Tuesday, October 14, 2014

The Psychology of Music: What Instrument are You?

I've recently started going to the quarterly talks benefiting the Charlotte Symphony Orchestra known as "Medical Grand Rounds."  I will admit to being a bit apprehensive about attending given my total and absolute lack of knowledge about neuroscience and physiology.  (The mere fact that I am writing those words is remarkable in and of itself.)  But I was interested, so decided to check it out.  The sessions are fascinating.
Dr. Tony Gil with Maestro Ponti
Last week-end's talk featured Maestro Raffaele Ponti, who spoke about the psychology of music.  Dr. Tony Gil introduced the subject with some "basic" information about "your brain on music."  The fact is that listening to music that you enjoy -- be it Rachmaninoff  or the Rolling Stones -- triggers the release of dopamine in your system.  Dopamine is the "feel good" chemical that is your body's reward for doing something you enjoy (more traditionally, eating and sex).  With that background in mind, the Maestro took the podium.

Maestro Ponti 
Raffaele began with a basic introduction to an orchestra. (I for one always appreciate a bit of "classical music for dummies.") An orchestra has four sections:  strings, woodwinds, brass, and percussion. A musician's choice of instrument depends in part on his or her physical attributes. Having short arms is a bit of an impediment to being a trombone player, for instance.  But once you've gotten past these physical aspects, Raffaele posits that there is a connection between a musician's personality and her instrument.  Here's a quick and dirty summary of his take on the topic.

Strings:  Violins are the core of the orchestra since they create the melody.  Violinists are often high strung and have large egos. Violas, on the other hand, are the "unsung heroes of the string section."  Their larger, darker sound bridges the gap between the violins and the rest of the orchestra, but they don't get any glory.  The bass, too, is a supporting instrument, so bass players are generally team spirited.  Everyone loves the cello, which does get some solos, so people who play this instrument have personalities that fall somewhere between those of violinists and violists.

Woodwinds:  Oboes are used to tune the orchestra, so oboists tend to think they always do things right.  Flautists and piccolo players are a bit flamboyant and love the attention they garner with their solos. Clarinetists get the chance to play a lot of notes, and they tend to love the technical aspects of music.  The bassoon is an instrument you almost never actually hear, so their players are content to be an important--if invisible--part of the team.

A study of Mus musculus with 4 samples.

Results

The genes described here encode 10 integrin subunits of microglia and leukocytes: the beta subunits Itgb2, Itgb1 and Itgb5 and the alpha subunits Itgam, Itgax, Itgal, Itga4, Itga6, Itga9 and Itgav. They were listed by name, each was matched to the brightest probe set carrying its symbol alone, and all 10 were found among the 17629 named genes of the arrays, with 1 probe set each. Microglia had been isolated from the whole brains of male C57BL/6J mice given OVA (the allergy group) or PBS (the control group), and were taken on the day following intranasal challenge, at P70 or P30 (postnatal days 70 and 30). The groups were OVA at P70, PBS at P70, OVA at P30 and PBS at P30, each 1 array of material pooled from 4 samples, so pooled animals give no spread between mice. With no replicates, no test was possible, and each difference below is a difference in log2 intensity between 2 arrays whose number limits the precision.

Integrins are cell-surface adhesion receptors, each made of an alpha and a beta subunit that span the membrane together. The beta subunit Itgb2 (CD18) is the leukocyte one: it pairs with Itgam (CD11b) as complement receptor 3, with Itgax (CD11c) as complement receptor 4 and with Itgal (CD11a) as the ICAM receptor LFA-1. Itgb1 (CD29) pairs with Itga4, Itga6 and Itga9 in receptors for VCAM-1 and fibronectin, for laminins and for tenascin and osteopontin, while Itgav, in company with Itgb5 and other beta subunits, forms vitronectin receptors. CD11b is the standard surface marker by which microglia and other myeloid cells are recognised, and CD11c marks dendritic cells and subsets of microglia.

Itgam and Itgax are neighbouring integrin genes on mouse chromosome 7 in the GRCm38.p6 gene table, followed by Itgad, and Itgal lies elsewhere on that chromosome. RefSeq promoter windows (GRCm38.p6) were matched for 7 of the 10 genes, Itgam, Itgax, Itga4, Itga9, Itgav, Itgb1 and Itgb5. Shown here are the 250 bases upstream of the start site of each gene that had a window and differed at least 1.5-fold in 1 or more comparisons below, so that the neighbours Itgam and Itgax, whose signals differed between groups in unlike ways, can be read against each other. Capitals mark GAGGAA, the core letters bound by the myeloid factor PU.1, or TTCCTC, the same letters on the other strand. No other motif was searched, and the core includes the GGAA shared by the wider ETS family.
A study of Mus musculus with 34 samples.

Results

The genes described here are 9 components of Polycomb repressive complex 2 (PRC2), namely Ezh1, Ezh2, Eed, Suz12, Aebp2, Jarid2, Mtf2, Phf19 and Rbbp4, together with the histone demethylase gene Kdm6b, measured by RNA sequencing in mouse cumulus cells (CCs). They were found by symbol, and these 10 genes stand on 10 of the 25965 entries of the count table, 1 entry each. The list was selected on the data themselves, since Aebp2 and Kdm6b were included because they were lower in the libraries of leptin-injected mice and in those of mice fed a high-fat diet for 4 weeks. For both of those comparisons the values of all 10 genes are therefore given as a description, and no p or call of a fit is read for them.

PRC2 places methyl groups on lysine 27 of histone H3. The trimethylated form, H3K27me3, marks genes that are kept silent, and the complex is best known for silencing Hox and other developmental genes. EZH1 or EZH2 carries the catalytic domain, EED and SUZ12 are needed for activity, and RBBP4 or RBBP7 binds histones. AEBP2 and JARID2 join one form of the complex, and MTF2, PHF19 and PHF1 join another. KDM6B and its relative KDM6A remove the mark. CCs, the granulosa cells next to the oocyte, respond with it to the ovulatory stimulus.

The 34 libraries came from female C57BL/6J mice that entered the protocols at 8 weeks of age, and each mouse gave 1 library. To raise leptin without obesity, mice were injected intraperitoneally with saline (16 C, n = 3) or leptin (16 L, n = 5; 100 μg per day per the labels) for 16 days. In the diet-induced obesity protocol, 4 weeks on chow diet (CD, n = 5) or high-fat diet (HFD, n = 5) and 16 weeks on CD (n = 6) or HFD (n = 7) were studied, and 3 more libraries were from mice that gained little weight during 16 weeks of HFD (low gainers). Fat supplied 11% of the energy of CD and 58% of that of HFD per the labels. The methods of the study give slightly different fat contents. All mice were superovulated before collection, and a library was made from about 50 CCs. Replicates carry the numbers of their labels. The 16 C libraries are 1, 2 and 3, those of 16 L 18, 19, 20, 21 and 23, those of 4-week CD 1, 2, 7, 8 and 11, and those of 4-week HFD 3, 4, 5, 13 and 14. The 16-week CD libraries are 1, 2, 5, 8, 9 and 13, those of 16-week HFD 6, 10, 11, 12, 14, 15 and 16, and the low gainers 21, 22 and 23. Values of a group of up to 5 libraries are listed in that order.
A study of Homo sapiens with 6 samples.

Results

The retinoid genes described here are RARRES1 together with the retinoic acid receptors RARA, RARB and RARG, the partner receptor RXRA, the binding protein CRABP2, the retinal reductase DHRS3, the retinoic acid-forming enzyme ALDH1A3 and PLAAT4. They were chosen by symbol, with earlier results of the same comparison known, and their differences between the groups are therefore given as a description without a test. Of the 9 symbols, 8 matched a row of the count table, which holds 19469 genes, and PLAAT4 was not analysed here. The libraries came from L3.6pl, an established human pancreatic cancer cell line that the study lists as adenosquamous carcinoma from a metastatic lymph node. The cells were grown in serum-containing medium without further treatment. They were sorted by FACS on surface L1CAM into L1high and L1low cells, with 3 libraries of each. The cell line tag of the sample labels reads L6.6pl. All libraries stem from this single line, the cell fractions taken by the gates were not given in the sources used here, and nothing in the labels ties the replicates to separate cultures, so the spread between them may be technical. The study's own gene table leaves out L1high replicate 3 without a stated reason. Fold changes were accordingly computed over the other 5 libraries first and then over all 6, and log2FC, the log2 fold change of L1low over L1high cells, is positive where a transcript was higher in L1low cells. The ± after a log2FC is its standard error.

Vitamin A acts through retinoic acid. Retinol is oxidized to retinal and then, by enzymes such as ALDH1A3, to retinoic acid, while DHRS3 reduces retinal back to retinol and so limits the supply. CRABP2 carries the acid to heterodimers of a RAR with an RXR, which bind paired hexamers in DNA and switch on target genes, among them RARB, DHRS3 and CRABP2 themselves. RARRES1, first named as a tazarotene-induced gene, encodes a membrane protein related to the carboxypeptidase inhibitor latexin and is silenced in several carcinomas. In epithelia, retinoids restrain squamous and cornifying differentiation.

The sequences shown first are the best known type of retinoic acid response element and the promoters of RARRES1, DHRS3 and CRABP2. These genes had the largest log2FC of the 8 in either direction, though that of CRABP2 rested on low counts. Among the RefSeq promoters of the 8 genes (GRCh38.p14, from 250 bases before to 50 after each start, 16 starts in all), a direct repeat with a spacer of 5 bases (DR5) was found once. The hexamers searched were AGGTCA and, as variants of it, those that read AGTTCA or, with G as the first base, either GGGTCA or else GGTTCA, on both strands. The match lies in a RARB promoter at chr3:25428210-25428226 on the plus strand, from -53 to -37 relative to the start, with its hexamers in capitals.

Raffaele showing off his honorary
MD (music director) white coat
Brass:  As a trumpet player turned conductor, Raffaele made no qualms about saying that trumpet players are the troublemakers in the room.  They tend to have big egos and want to be heard (literally).  "There's a reason you put them in the back of the hall," he said.  Trombonists, on the other hand, tend to be very easy going, and tuba players are just nice people.  (They would have to have a bit of a sense of humor, too, to be willing to schlep their instruments around.)  One of the roles of the French horn is to merge the woodwinds and brass sections.  The fact that the bell of the French horn actually points away from the audience says it all.

Percussion:  Percussionists spend their lives thinking about things that they can bang, scrape or pluck to make music.  They tend to be quirky and fun but patient since they are always setting up the next instrument to play.  (Pianos are technically considered percussion instruments since music is made with the strike of the hammer.)

Raffaele had encouraged his listeners to think about which instrument best suits their own personalities as he talked.  For once, I wasn't the only person making notes.  And here's the exciting news:  Medical grand rounds attendees have been invited to sit in "their" instrument's section at the CSO's rehearsal on November 15th.  It's an adaptation for adults of the CSO's "musical chairs" program.  Needless to say, I am all over that.  I won't, however, reveal what instrument I've selected until I share the experience with you here.  Stay tuned!